The best burmese snacks that will leave you speechless
I’ve been eating Burmese snacks ever since I learned how to munch down on food. Burmese snacks, for me, are snacks that remind me of family and community. They’re snacks that aren’t meant to be eaten alone, but instead are to be shared with whoever is willing to have a bite. The bends and the curves of each snack is documentation of the chef’s handiwork and it shows just how much care and attention is put into the creation of each treat. Which makes each one unique. Because of this, these treats are not ones that one would describe as flawless with just a glance. However, they are snacks that will earn this title of perfection with just a bite.
In my opinion, the best Burmese snacks are not found in places like restaurants, or in shops. The best Burmese snacks are the ones that pass your street one to two times a day, and are sold on trays placed on top of the head of a very loud seller. Sellers whose voices – so loud – would carry into one’s home through their windows – either open or closed – and entice one to listen to what snacks this full throated seller had at hand.
And as a traditional Burmese citizen of 17 years, I am coaxed into it every time.
And everytime the seller places her tray down, these snacks are always laid around the circular tray. Waiting to be enjoyed and these are a few of my favorites
Mote Let koute kwin, the burmese donut – Direct translation, bracelet snack. A snack that is rounded into circles and similar to a donut but too thin and much less doughy to be identical. Each Mote Let Koute Kwin is different, because each bracelet has their own unique curves and bends that flaunt the chef’s handiwork on full display.
This curvy bracelet is commonly paired with a sweet and rich sauce made from jaggery. That, once dipped, coats the bracelet in a dark and smooth gloss that slithers its way around and over the curves before the snack makes its way into the mouth of a hungry Burmese (or tourist 🙂 ). And once tasted, the richness and attractiveness of the sauce tempts one for another bite.
Truthfully the sauce is the star in this snack. The sweetness of the jaggery has a hold on you like no other, which is why before you know it, you’re going in for a second bite, then a third, then a fourth, a fifth, and finally you’ve devoured the whole tray.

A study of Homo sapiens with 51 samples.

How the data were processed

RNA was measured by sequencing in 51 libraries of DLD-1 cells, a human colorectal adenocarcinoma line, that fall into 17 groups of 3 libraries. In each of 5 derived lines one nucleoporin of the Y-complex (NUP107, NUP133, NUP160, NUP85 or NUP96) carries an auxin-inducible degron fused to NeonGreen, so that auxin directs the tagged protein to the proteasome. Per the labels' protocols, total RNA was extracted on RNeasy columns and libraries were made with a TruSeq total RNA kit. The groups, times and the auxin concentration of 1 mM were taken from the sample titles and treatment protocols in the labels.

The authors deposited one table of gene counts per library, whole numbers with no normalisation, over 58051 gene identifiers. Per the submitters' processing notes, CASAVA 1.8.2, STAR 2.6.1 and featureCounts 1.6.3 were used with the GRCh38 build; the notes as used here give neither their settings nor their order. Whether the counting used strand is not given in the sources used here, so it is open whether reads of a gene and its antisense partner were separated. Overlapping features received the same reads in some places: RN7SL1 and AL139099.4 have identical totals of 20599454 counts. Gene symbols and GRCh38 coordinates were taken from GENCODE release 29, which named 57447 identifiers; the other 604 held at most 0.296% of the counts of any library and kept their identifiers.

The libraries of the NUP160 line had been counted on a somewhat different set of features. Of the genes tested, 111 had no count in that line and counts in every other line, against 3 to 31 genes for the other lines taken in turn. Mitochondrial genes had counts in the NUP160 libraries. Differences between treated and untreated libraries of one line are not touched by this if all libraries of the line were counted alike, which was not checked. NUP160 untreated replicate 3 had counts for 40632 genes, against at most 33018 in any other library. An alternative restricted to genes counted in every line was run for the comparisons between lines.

Mote Sain Paung, a cake-like layered stack of delicious sweetened and powdery rice. Starting with white on the bottom, and moving up to a mix and match of brown, white and dark brown. This coconut covered snack is sometimes the star of the tray, since it can be placed in the middle where it towers over all the other treats. Waiting to be cut into and tried. The mont sein paung has a very unique texture and taste to it. One like no other, because, once tasted it leaves a trace of flavor in your mouth that you may never forget. The treat, since it’s made with grinded rice, has the tendency to crumble once it enters your mouth and make its way onto each individual taste bud. Introducing its flavors to the taste detectors on your tongue. Leaving your mouth speechless within the first bite. Coconut! Bean! Rice, all the flavors adhering to one’s taste pallet.
The aroma surrounding a mote sein paung is also just as good as the flavors that come with it. The smell is soft and smooth, and is so enticing that it makes whoever is near turn to search for it. This is one of the snacks that is just waiting for someone to try them so the flavor combinations and sensational textures wow them into even disbelief. That’s how good this snack is.
FRIED, FRIED EVERYTHING FRIED! :
On a street seller’s tray, there is an assortment of snacks but the ones that will catch your eye the most are the fried treats! Almost most of the snacks on the tray will be fried and all of them are definitely worth a taste.
For example, Mandalay pe kyaw, if you like the savory kind, this is the snack for you. Also known as red bean fritters,these treats are deep fried bean snacks that are full of creamy and crunchy enjoyments.
The fritter has a very distinct smell that entices one to grab one and take a bite. And I am guilty of falling for it everytime. The fritter is also commonly paired with a light and spicy sauce that coats the treat in the most delicious spices, and makes the treat better than it already was.
Another mentionable fried snack would be the normal pe kyaw. Which is less brown and more light and yellow in complexion, compared to the Mandalay version. Because normal pe kyaw is not fried with red beans, but instead is fried with yellow peas! The snack has the distinct taste of fried yellow peas that any Burmese local would recognize and because of this it is a local delicacy. It can be enjoyed by itself, or with the same sauce dipped by mandalay pe kyaw or even cracked into mohinga!
These are some of my top favorite burmese treats and that is why these are the ones that I chose to include in my essay. There are many other delicious and noteworthy snacks on a Burmese seller’s tray but these three are the ones that I believe are the ones worth trying the most. The ones that will stay with you forever.